Attending sleepaway camp requires a certain level of financial privilege. My own summer camp, which I attended from 2006 to 2013, attempted to make the experience more attainable by offering scholarships, but it’s important to acknowledge that “camp kids” are a niche social group. Those who can afford to rack up summers away, pile up friendship bracelets, and reap the ensuing social cred are largely the people who can claim camp as an identity.
And aesthetics are a visual representation of underlying social currents. West Coast summer camps (like mine) are a little more undone than their stereotypical Eastern cohort. Instead of participating in boat races, the oldest campers marched in the San Francisco AIDS Walk and spent the mornings farming the co-ed Jewish camp’s small kibbutz in vintage Levi’s overalls. The dress code was California cool, and the only knee socks came from American Apparel.
There may have been no official uniform, but trends still ruled. Rainbow brand flip-flops reigned supreme until the American Camping Association banned open-toe sandals at camps nationwide in favor of more secure footwear. The mandate was met with outrage, but Tevas soon became the new It shoe, years before that Opening Ceremony collab.
The camp’s most significant dress code applied to Friday nights. Dressing up to celebrate Shabbat is part of Jewish tradition, and our camp requested that everyone wear white. The single hue represented a unified camp community, but it also posed a significant problem when packing: Nobody owns eight white sundresses. Sharing was the only real solution.
When I was 13, my cabin did away with any semblance of ownership and created a communal closet. We shared everything from secrets to shampoo. By the end of the summer, every single girl would have worn my favorite blue dress. I didn’t mind. Contributing clothing meant access to the closet ecosystem and escape from having to repeat outfits. At camp, the free exchange of clothing meant that our outfits were rooted in social — not economic — capital. Friendships provided access to trendy items for girls who didn’t pack their own, and the girls who packed the best clothes had undeniable social clout.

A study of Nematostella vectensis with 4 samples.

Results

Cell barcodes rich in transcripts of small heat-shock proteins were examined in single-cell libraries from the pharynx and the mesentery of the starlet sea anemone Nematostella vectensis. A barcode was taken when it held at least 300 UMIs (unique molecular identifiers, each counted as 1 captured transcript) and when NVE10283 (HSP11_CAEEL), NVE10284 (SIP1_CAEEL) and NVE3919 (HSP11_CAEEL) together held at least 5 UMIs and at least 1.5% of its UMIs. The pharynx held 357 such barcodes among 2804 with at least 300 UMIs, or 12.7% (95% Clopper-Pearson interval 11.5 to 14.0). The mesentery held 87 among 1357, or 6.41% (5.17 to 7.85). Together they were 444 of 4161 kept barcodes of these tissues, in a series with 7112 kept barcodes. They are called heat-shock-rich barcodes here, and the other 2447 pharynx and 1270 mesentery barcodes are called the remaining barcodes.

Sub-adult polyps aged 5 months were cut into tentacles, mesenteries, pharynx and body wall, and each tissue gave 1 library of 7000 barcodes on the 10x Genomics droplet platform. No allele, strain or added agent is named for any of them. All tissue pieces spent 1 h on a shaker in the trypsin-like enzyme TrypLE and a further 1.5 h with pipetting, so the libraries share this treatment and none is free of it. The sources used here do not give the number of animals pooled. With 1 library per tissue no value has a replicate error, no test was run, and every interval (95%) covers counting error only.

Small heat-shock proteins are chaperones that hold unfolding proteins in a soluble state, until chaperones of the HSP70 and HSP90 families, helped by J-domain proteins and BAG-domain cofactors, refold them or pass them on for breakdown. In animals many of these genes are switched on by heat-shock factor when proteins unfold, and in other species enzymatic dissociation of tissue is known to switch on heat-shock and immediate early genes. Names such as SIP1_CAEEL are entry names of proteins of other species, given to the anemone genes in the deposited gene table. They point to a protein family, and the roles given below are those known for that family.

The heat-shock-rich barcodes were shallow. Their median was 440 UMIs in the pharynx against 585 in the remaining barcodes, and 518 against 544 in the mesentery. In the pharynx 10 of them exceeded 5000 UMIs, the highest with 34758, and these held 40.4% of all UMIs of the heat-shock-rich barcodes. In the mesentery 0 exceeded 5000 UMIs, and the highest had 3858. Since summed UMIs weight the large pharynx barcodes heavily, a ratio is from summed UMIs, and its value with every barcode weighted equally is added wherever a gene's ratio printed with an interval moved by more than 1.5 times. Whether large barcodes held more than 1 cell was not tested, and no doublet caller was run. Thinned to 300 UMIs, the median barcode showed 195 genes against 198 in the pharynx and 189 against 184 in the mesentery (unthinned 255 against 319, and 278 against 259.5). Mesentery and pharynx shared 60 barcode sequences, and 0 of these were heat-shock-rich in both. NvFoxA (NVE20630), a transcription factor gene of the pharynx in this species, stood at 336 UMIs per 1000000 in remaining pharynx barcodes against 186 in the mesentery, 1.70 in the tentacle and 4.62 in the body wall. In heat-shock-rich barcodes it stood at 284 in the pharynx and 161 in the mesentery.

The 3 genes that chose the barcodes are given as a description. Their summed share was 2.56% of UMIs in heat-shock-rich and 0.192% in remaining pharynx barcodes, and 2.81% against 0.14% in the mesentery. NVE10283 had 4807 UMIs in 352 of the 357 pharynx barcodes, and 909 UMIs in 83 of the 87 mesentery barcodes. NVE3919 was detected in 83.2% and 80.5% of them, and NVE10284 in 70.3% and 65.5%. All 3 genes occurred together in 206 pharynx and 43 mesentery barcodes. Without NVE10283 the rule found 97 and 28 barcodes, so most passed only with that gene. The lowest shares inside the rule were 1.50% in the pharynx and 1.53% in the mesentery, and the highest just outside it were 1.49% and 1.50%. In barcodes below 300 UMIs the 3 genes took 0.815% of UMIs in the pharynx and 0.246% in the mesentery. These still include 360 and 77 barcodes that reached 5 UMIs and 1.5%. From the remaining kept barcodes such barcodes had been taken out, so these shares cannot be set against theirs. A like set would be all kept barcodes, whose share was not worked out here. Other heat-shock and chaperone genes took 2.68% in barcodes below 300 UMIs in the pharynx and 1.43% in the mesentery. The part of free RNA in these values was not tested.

The camp schedule provided a whole extra hour to get clean and dressed for Shabbat, but we would expand this time by skipping the end of the weekly ultimate Frisbee game. We blasted songs by Britney Spears and Chris Brown out of tinny iHome speakers and packed around the mirrors in giggly tableaus. Even then, we knew that getting ready with friends is always the best part of going out.
Our counselors’ age created an undeniable aura of coolness. They taught us what seemed like the hidden secrets of womanhood: how to apply liquid eyeliner evenly, how to find your cheekbones and use them as a guide to dust on bronzer, how to spray perfume in your hair and disperse the scent with carefully deployed hair flips. This routine became ritual, especially because there were boys to impress. Our cabin always smelled like Tease, a vanilla body spray from Victoria’s Secret. Someone had stationed an overpoweringly sugary bottle on the bathroom sink, and I carefully copied its label onto the back of an extra envelope. These were secrets to take back to school in the fall.
The end of the summer always came as a surprise. Blackberries ripened, and the youngest campers rushed to pick the heavy fruit before it rotted on the vine. The days unfolded languidly, but the weeks piled up with frightening velocity, like a set of waves hitting the shore in rapid succession. The laws of physics, it turned out, still applied in August.
By this point, the concept of ownership was completely eroded. A succession of bodies had created new memories in the blue dress, and their presence lingered. The fabric smelled of sweat and Tease and coconut tanning oil, and I did not recognize it as my own. Plucking it out of the swirling nest of clothing that lined our cabin was like hammering the final nail in summer’s coffin.
I spent the better part of an hour searching the cabin’s largest, central pile for a single bralette among slap bracelets and contraband candy wrappers. Reclaiming everything that was once mine was a quixotic task, and some things I gave up on finding. I traded a couple items with my friends, but my duffel bags were always a bit lighter at the end of the summer than when I arrived.
Exiting camp felt like being herded, or swimming in a school of fish. All campers were sent off in T-shirts emblazoned with the camp’s logo, designed to help keep track of so many children. The shirts also doubled as wearable yearbooks, as campers used colorful Sharpies to scrawl badges of friendship: AIM screen names and inside jokes. Our clothing itself was proof that we had gone away, returning somehow changed.